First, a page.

Alameda County Supervisor Nate Miley and Bryan 
Parker at a forum in Castro Valley last month.

At several public appearances, Alameda County Board of Supervisors candidate Bryan Parker has taken a stance in opposition of the controversial proposal to ship coal through the Oakland Army Base.

The sentiment, nevertheless, did not sway the vice president of California Capital and Investment Group (CCIG), the group behind the plan for coal in Oakland from recently contributing $1,000 to Parker’s campaign for county supervisor.

Campaign finance reports show CCIG Vice President Mark McClure made the contribution last March 24.

Parker, a former Oakland mayoral candidate in 2014, is challenging Alameda County District Four Supervisor Nate Miley’s re-election this June.

McClure is a long-time business associate of Oakland developer Phil Tagami. CCIG is the principal company financing the construction of a large bulk commodity terminal included in the $500 million economic transformation of the former Oakland Army Base.

During at least two candidate forums, Parker has said he opposes shipping coal through Oakland, in addition, to casting no votes against the proposal as a Port of Oakland commissioner. Parker resigned from his post earlier this year to run for county supervisor.

At one candidate forum in Castro Valley last month, Parker again voiced disapproval, but added other, more safe petroleum byproducts could instead be shipped through the port. The response mirrored in some ways talking points used by backers of coal in Oakland, specifically, that banning coal shipments would risk the loss of valuable new jobs for the struggling community.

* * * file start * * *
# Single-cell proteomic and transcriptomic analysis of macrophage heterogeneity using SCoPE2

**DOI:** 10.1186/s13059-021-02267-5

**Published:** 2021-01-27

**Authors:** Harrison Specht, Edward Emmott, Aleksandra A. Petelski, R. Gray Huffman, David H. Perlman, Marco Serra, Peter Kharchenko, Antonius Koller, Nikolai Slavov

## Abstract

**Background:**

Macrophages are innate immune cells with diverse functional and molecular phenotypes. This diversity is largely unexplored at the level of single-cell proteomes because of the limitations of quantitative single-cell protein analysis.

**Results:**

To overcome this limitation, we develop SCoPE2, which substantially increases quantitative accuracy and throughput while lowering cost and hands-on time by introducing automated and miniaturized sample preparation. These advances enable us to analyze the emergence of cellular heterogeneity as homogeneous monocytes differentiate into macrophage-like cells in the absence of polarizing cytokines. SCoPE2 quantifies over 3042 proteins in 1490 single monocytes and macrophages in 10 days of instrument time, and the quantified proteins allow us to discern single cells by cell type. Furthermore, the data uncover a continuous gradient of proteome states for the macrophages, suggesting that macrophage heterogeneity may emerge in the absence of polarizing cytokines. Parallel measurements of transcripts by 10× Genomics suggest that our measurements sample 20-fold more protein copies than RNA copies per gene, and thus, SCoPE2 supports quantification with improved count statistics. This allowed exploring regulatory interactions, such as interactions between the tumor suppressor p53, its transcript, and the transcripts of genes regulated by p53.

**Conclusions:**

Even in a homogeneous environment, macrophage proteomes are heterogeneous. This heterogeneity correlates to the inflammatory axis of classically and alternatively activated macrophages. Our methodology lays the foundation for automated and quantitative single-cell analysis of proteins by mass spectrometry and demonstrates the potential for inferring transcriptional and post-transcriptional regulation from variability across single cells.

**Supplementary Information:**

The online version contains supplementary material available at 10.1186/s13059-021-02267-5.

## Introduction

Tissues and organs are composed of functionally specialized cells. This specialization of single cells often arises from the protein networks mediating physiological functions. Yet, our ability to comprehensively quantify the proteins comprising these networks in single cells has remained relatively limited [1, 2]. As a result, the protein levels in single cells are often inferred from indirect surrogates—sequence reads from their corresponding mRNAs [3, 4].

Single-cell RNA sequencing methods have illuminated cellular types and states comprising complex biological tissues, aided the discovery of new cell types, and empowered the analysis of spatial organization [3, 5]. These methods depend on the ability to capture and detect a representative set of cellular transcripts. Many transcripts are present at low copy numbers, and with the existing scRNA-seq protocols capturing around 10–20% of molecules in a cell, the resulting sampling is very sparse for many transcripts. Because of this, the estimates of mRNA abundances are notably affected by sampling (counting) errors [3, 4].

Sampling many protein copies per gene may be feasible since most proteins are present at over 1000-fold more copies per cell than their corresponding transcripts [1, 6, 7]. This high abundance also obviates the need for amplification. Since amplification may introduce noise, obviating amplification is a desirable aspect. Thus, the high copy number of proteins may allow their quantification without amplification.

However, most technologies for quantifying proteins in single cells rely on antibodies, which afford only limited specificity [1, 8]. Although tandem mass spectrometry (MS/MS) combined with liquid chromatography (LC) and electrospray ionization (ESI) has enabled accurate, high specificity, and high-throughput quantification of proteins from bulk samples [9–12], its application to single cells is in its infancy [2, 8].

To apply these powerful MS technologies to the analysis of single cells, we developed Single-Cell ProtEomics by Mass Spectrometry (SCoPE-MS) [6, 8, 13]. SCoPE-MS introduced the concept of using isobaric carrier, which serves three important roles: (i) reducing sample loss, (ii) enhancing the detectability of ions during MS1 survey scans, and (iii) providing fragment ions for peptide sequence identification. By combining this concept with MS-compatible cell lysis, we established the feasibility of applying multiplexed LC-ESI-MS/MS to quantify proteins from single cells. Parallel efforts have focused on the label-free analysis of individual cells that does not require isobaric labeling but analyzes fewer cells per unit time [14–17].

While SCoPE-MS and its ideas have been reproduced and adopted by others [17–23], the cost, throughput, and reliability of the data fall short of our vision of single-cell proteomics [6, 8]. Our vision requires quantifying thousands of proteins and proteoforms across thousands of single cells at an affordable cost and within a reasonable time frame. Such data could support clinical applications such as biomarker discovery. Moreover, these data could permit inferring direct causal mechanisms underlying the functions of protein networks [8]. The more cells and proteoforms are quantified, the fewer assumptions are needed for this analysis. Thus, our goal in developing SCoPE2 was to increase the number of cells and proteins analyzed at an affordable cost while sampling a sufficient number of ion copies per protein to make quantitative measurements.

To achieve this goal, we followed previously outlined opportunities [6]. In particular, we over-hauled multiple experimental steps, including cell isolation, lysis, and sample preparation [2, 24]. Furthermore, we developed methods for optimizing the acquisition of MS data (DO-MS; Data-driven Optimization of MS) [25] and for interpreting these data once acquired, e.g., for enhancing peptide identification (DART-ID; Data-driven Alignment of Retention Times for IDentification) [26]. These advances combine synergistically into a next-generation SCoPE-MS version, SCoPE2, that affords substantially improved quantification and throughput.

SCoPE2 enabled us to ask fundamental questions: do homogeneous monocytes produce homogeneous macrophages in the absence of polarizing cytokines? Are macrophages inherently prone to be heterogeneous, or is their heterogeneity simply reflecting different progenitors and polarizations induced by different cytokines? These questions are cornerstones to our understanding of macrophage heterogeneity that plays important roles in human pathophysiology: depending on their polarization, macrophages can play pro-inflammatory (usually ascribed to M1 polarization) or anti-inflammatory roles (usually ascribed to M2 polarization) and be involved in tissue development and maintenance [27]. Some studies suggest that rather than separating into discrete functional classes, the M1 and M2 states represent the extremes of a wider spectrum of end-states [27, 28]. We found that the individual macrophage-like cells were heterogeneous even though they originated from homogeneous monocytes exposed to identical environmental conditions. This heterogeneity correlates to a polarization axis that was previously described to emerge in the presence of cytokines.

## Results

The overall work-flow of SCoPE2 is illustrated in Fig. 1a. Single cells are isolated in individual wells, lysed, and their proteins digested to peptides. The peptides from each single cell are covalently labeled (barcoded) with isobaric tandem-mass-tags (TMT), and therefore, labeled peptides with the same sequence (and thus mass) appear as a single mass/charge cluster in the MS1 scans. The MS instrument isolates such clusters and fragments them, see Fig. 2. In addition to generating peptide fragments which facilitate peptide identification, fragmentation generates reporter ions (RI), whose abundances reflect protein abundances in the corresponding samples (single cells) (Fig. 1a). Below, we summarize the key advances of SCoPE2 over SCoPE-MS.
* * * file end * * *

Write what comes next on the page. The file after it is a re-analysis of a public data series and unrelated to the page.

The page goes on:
“I already have a record on this as a member of the [Port of Oakland] board of commissioners. I voted no,” said Parker, but added, “Here’s another example of just saying no doesn’t get us to the endgame because what are we talking about more than what’s being transported? We’re talking about jobs and we’re talking about living wage jobs that can only go to men and women all over this community and that they can pay for their housing, that they can use to send their kids to school, that they can use to put food on the table.”

Parker added, he would not risk a chance at creating 200 high-paying new jobs, and would, instead, engage the owners of the bulk terminal to explore shipping other commodities, such as potash, iron ore and soda ash. “It’s our responsibility to do more than just say no.”

During the same forum, Miley was more direct in his opposition. “I think it would be inappropriate to ship coal into the Port of Oakland,” he said. Furthermore, green energy options are more advisable, a reason why he supported the county’s plan for Community Choice Aggregation, Miley told the audience, which would allow consumers the option to purchase energy, possibly green energy, from sources other than PG&E. As a county supervisor, said Miley, “We have no jurisdiction over that matter, but I think if we did, we would vote against it.”